The Chechen people didn't choose the modern name of their capital. That came from the Russians, a name that encodes much of Chechnya's identity: Grozny -- The Fearsome.
Although physically diminutive -- smaller than New Jersey or Slovenia -- Chechnya has an enormous warrior reputation. Resistance is a consistent thread running through its complicated history: against Mongol hordes, against Turkic fighters, against Russian troops.
Chechens are variously seen as valorous defenders of their beleaguered homeland and as vile terrorists. The Chechen roots of the two Boston Marathon bombing suspects -- one now dead -- has drawn new attention to Chechen identity.
Chechens are one of a bewildering array of ethnic groups originating in the steep and inhospitable Caucasus Mountains. Of the estimated 1.7 million Chechens worldwide, about 1.4 million live in Russia, mostly in Chechnya proper. Their Chechen language is unrelated to Russian or other major tongues, adding to a sense of ethnic unity.
Before the 20th century
Beginning with resistance to Mongol invasions in the 13th century, Chechens became known as formidable warriors. As part of their obdurate determination, Chechens developed their characteristic fortress towers -- tall, thin spires used as residences as well as defensive positions. As czarist Russian forces began offensives to take control of the Caucasus in the 19th century, Chechnya's warlords earned a reputation for being wily, bold and venal. The young Leo Tolstoy, serving in the army in Chechnya, drew on his experiences for his noted story "The Caucasus Prisoner.''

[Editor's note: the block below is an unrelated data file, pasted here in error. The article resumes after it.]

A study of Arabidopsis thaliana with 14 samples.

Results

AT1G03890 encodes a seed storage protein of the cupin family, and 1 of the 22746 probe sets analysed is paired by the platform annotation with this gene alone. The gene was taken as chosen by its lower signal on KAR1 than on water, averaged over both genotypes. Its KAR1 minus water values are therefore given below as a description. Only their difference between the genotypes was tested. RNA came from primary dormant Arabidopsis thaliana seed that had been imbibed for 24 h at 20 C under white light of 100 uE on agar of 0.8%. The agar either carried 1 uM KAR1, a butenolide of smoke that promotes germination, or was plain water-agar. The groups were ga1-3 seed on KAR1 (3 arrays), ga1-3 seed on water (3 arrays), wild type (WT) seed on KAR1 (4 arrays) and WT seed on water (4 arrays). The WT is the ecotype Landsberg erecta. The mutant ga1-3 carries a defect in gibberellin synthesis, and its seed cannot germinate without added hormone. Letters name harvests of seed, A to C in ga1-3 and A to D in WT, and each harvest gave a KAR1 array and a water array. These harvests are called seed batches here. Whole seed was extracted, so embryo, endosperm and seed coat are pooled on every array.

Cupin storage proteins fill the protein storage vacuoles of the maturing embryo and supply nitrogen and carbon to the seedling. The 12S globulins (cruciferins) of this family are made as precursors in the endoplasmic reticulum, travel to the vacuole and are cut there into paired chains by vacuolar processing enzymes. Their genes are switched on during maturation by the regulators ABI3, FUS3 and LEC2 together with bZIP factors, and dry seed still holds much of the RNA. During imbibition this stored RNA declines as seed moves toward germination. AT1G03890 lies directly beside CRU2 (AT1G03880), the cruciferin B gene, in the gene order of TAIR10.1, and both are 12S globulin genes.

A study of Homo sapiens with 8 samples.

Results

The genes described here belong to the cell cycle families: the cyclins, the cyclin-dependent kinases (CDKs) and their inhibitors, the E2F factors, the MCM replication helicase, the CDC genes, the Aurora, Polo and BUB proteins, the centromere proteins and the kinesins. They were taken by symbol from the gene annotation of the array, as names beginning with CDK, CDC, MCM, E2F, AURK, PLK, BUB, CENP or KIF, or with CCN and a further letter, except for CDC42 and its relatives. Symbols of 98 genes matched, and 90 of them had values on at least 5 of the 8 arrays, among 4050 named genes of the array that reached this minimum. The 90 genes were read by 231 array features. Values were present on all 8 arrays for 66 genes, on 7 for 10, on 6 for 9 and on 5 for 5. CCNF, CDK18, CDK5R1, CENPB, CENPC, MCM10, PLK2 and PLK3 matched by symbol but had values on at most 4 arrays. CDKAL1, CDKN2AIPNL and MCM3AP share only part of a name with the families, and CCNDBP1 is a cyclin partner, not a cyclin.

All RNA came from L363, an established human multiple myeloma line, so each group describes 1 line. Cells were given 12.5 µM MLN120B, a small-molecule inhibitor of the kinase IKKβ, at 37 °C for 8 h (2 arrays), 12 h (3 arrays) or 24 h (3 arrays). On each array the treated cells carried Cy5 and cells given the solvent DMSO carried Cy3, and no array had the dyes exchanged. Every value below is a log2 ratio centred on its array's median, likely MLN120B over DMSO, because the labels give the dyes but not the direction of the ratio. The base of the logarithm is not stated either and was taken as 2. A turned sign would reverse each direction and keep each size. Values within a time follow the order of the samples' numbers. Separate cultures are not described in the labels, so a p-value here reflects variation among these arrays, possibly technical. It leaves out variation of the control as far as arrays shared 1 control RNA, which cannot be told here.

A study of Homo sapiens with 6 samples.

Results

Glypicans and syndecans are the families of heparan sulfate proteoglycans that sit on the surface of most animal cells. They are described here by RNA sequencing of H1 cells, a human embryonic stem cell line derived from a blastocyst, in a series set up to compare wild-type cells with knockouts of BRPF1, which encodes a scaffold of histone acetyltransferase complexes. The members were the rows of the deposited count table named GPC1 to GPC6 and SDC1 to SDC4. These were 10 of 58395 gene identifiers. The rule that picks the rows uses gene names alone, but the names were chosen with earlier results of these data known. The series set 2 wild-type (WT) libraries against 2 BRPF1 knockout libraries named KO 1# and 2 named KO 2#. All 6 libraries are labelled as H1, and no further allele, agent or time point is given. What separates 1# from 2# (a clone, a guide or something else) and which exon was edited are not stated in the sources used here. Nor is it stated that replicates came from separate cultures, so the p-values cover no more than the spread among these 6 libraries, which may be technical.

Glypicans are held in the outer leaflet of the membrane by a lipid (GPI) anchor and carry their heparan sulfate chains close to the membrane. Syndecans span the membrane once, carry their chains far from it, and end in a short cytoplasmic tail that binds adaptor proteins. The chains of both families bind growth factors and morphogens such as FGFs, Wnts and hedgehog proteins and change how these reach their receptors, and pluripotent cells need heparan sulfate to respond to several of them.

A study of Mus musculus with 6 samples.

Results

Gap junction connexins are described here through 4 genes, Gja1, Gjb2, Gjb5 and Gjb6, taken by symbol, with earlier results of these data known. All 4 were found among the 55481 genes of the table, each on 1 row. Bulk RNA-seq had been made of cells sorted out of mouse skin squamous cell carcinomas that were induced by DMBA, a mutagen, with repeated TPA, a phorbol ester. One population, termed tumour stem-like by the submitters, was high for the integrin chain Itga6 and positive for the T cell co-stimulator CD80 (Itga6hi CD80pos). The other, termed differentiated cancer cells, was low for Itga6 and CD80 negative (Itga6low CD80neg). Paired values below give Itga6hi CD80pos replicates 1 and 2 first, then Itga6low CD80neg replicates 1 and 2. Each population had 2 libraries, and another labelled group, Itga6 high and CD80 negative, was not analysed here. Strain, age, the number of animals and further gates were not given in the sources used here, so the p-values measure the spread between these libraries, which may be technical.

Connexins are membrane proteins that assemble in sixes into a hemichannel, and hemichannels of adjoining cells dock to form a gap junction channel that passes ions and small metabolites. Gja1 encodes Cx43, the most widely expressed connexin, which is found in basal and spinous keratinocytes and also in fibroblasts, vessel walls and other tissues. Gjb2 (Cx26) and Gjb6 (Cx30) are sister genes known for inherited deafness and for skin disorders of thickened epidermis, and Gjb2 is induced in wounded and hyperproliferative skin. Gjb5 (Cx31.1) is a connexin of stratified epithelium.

Russian forces gained control of Chechnya in 1859 after about four decades of fighting. The Russian fortress that was a key element of the conquest eventually gave its name to what became Chechnya's capital.
During World War II, Soviet dictator Josef Stalin saw Chechens as likely allies of the Nazis, so he deported them en masse to Siberia and Central Asia in 1944. They weren't allowed to return until 1957, and the suffering of the deportation remains a potent touchstone for Chechens.